The College Governor
Governors are at the heart of how a college operates. They are responsible for determining what education and training it will provide and the strategy for delivering it. They also lead the drive for improved standards in teaching and learning by ensuring good control systems and challenging areas for improvement.
The governing bodies of colleges require a range of skills. Board meetings can cover a wide variety of topics ranging from the college’s business strategy; quality of learning and teaching; buildings and financial investment; business model and delivery, including partnership working. Boards will also discuss recruitment and succession planning, including of the board itself, and its performance. Governors will consider performance indicators and financial information on all aspects of the College’s activities and will need to be able to interpret and use this information to collectively develop a clear and comprehensive strategic plan to enable the College to achieve its aims.
Authority and accountability of the governing body
The governing body has overall responsibility for the conduct of the College, with responsibility for the day-to-day running and management resting with the Principal and Senior Management Team, who report and account to the governing body.
The governing body is responsible for the appointment and remuneration of senior staff, including the Principal.
A governing body is entrusted with a significant level of public funds and oversight of important local assets. Governors therefore have a particular duty to fulfil the highest standards of corporate governance at all times. They are accountable for ensuring effective and efficient use of resources, and safeguarding the College assets, property and estate.
The governing body’s ultimate accountability is to the students and the wider community the College serves. To achieve this, the governing body must work in partnership with and support the Principal, but they must also be prepared to challenge the Principal and senior team, asking searching questions when necessary to maintain a rigorous focus on improving the standards and quality of delivery. They also need to work in partnership with the College's many key stakeholders and partners, including employers, local authorities and Local Enterprise Partnerships.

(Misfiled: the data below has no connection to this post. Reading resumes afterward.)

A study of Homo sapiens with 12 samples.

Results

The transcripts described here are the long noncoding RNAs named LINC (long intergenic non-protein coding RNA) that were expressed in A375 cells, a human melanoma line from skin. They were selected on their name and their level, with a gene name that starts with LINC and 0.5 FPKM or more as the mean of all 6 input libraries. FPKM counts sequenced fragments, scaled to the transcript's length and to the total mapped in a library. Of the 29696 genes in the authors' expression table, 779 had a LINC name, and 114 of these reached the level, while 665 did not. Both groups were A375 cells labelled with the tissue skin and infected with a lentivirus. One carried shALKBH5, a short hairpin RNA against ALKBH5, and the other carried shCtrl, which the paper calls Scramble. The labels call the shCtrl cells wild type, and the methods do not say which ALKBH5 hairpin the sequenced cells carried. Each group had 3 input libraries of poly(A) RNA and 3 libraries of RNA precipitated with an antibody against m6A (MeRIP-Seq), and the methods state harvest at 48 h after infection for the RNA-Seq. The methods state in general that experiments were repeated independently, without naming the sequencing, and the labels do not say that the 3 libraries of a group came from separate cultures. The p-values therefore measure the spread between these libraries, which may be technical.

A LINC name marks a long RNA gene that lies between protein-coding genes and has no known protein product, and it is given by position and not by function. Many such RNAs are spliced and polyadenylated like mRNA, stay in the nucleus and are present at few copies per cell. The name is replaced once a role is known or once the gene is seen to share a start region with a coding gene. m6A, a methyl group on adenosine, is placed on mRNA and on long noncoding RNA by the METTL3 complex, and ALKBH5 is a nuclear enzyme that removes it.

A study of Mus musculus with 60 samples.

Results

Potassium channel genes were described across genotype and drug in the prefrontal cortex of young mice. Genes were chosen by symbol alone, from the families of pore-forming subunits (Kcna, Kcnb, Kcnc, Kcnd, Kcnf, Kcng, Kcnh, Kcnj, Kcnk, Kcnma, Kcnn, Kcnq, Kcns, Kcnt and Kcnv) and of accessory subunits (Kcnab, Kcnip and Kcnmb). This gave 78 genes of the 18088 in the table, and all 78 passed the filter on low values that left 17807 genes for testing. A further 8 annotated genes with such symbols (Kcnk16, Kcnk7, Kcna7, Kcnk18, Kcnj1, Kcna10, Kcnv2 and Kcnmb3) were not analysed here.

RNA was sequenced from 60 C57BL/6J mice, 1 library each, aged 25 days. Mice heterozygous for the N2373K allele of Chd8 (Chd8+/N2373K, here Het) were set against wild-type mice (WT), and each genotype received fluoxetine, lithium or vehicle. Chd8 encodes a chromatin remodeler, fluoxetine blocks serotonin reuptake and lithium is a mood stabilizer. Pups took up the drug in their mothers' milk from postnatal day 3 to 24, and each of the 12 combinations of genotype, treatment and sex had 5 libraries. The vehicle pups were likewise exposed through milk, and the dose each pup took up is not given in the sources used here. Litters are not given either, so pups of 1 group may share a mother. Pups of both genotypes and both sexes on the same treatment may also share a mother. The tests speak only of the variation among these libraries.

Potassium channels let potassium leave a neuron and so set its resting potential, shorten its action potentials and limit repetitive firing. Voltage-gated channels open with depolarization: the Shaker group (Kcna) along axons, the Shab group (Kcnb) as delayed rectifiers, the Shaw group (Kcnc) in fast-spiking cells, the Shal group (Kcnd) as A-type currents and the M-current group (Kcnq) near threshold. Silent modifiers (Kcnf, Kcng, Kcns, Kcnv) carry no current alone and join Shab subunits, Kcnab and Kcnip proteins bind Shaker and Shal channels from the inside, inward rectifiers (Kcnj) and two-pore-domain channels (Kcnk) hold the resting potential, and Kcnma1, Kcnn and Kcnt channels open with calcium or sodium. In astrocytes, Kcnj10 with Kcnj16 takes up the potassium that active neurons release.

In performing these duties governors are expected to follow a Code of Conduct which has regard to the accepted standards of behaviour in public life including; leadership, selflessness, objectivity, openness, integrity, honesty and accountability. The English Colleges’ Foundation Code of Governance also establishes a common set of recommended standards of good governance practice for college governing bodies.
Impact of the governing body
A consistent characteristic of any successful college is strong leadership and management. The importance of the governing body in achieving this cannot be overstated.
Governors are not there to rubber stamp decisions but are directly responsible for how the College is performing. Their importance was recently acknowledged by Vince Cable who talked of governors’ “vital role in driving the strategic direction of colleges, helping to build and grow local economies, tackling the issues of skills gaps and unemployment, and supporting communities to flourish”.
Quite simply, good governance is the cornerstone upon which excellent colleges are built.
Wherever [Ofsted] find success, good leadership is behind it.
The role of a college governor is exciting and extremely worthwhile. It provides enormous insights into the social and economic challenges facing local communities and offers opportunities for direct contact with senior people in local firms and community bodies.
Becoming a governor enables individuals to make a significant and very real contribution to the success of the college that they govern, helping the students to develop and achieve their full potential. It allows those who want to be engaged with a college to make good use of their existing skills and provide them with the training and support to develop new ones. These can include making staff appointments, financial management, chairing meetings and team and project working.
The role of a governor isn’t easy and requires dedication and real commitment. A governing body typically meets five or six times a year and in addition a governor is likely to participate on sub-committees, undertake background reading and attend various events over the course of the year. Governors are rarely remunerated for their role, although expenses are available to reimburse out-of-pocket expenses for attending the various meetings and events.
The rewards of the role to the College, community and the individual are clear, and governors are supported every step of the way to ensure both they and the College benefit from their valuable contribution.